All of those “buy 2 for the price of 1” supermarket or massive chain-store deals sound appealing, don’t they? Well, you may not be getting the deal you think you are. Many so-called deals are nothing more than clever food marketing tactics. Translation: many times, you may end up spending more than you intended.
Here’s what to watch out for while shopping.
1. Attention-Getting Colors and Designs
Getting your attention is what sales are all about. A drab store filled with bland boxes and boring end displays will hardly entice consumers. But brightly-colored cereal boxes and unique designs are attractive to many people. Unfortunately, much of this food marketing strategy applies to junk foods. Think about all of those potato chip and cookie bags. If it’s bold, has a shiny foil wrap, or a large font that “screams” out to you, that’s food marketing and branding at it’s best — and it’s not always good for your health. But it is good for many food giant’s bank accounts.
2. The Before and After Notion
Those too-good-to-be true markdowns? Be careful. The “after” price is usually what the actual price should be. However, seeing a more expensive, marked-up cost slashed down makes you think you’re getting the steal of the century.
3. It’s All in Your Walk
Researchers have discovered that most people shop the way they drive (interesting, right?), so if you drive on the right side of the road then you tend to walk that way while shopping. Therefore, items are stocked based on that concept. It’s no coincidence that you find yourself putting things in your cart that aren’t even on your shopping list; marketers count on this!
4. Oh, Look How Cute That Is!
Those cute teeny cans of soda or on-the-go cheese sticks? Food marketers know that small packaging generates big spending. Because some of these mini products often come with a reasonable price tag, you’re more likely to pick two or five up. And up goes your bill.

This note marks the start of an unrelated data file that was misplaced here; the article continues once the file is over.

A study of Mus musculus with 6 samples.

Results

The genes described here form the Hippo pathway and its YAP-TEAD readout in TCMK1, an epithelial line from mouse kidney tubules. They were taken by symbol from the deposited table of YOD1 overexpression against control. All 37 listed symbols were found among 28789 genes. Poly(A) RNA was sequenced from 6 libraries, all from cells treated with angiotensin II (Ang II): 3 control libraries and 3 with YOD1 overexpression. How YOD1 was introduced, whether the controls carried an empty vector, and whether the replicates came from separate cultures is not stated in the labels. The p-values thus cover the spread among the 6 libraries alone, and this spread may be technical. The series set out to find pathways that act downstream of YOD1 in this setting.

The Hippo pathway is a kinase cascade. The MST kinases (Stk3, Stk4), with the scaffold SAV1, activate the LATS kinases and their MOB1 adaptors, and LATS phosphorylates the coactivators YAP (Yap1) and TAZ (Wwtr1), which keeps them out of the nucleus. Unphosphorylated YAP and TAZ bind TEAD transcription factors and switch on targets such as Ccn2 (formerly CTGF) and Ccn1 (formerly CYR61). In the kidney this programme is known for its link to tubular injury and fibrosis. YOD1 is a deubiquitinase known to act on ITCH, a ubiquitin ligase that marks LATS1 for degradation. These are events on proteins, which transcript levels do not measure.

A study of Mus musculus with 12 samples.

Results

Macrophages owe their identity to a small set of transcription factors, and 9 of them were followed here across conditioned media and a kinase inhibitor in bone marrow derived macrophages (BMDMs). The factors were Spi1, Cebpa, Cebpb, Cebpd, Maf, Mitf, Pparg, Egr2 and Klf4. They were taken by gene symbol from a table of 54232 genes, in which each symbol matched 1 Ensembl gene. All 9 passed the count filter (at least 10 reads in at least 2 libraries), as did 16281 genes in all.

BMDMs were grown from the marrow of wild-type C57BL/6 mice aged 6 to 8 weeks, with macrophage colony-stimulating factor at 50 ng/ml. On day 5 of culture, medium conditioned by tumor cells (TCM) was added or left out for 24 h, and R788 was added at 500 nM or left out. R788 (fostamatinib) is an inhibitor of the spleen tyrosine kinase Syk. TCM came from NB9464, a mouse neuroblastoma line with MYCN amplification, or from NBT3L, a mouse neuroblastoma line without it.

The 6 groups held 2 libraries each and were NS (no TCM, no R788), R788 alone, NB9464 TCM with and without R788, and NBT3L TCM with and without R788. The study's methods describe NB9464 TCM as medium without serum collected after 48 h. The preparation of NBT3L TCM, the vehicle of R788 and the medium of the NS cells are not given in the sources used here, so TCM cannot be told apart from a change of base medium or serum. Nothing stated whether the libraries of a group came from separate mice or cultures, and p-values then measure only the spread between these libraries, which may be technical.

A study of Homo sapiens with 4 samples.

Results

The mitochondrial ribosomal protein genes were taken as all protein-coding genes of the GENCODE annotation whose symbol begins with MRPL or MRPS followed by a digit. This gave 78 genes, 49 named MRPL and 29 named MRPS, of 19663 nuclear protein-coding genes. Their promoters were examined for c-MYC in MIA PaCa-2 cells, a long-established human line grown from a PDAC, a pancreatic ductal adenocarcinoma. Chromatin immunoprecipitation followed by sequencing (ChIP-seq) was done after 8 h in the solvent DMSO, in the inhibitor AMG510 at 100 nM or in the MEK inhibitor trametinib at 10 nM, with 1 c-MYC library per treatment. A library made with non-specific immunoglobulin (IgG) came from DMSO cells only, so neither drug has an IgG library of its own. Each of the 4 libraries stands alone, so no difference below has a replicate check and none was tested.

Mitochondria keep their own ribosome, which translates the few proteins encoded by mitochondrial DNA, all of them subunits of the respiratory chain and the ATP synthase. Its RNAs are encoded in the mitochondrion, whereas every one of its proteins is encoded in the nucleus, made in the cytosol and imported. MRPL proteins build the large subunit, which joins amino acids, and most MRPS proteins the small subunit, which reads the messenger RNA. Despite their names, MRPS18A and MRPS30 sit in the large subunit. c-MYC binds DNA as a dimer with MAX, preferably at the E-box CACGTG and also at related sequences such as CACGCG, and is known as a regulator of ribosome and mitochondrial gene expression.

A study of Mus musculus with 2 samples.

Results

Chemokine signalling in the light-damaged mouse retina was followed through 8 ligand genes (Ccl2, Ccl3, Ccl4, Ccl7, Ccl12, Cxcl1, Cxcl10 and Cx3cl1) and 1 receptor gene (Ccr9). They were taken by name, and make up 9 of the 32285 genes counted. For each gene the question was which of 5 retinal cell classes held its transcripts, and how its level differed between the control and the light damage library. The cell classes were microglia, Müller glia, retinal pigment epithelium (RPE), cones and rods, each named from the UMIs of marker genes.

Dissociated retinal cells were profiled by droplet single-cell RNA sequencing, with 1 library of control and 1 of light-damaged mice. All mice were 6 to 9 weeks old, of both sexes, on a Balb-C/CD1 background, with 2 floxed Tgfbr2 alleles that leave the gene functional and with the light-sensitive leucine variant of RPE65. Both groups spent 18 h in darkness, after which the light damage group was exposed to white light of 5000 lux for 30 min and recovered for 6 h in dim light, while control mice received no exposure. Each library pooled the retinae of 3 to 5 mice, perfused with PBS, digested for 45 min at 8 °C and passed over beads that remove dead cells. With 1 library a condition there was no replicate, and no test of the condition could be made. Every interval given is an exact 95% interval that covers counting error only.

5. You Found That Where?
If you ever pondered why fingernail files are near greeting cards or other odd placement variations, well, it’s intentional. According to University of California’s marketing professor Wendy Liu, this is mostly about getting you to buy on impulse. You’re sending a card to a friend, so hey, why not take do something nice for yourself and take care of your nails while you’re at it? She explains that such distractions are intentional, giving you a false sense of product attachment. In your cart it (usually) goes.
6. You’re Made to Feel Special
Many stores advertise a limited-time only deal or quantity of a product, making you think you have to act now to get in on a great deal. This must be your lucky day! Truth is, you’re falling into the “bulk bargain” trap. Chances are, you don’t need to buy 8 pounds of coffee now to get in on the so-called deal of a lifetime. That coffee will be there next week.
7. That Smells Great!
Finally, researchers are very cognizant of how smell and sound can attract customers. Stores that sell food samples that sizzle on mini-grills and the sounds of a gentle thunderstorm erupting as you reach for some lettuce are examples. In fact, it was found that when experts pumped in the smell of apple pie in an appliance store, refrigerator sales increased nearly 25%. It’s all about creating sensory experiences that mimic what you might encounter in your own home.
So, do your best to stick to that grocery list. Cross off each item as you go and when tempted by bright colors, clever slogans, or a “cheap” but fun nail polish color (located near the birdseed), ask yourself if it’s truly necessary. Even better, avoid mass store chains and shop local if you can. You’ll be supporting local businesses and probably won’t be faced with tactics that clutter your mind and epty your wallet.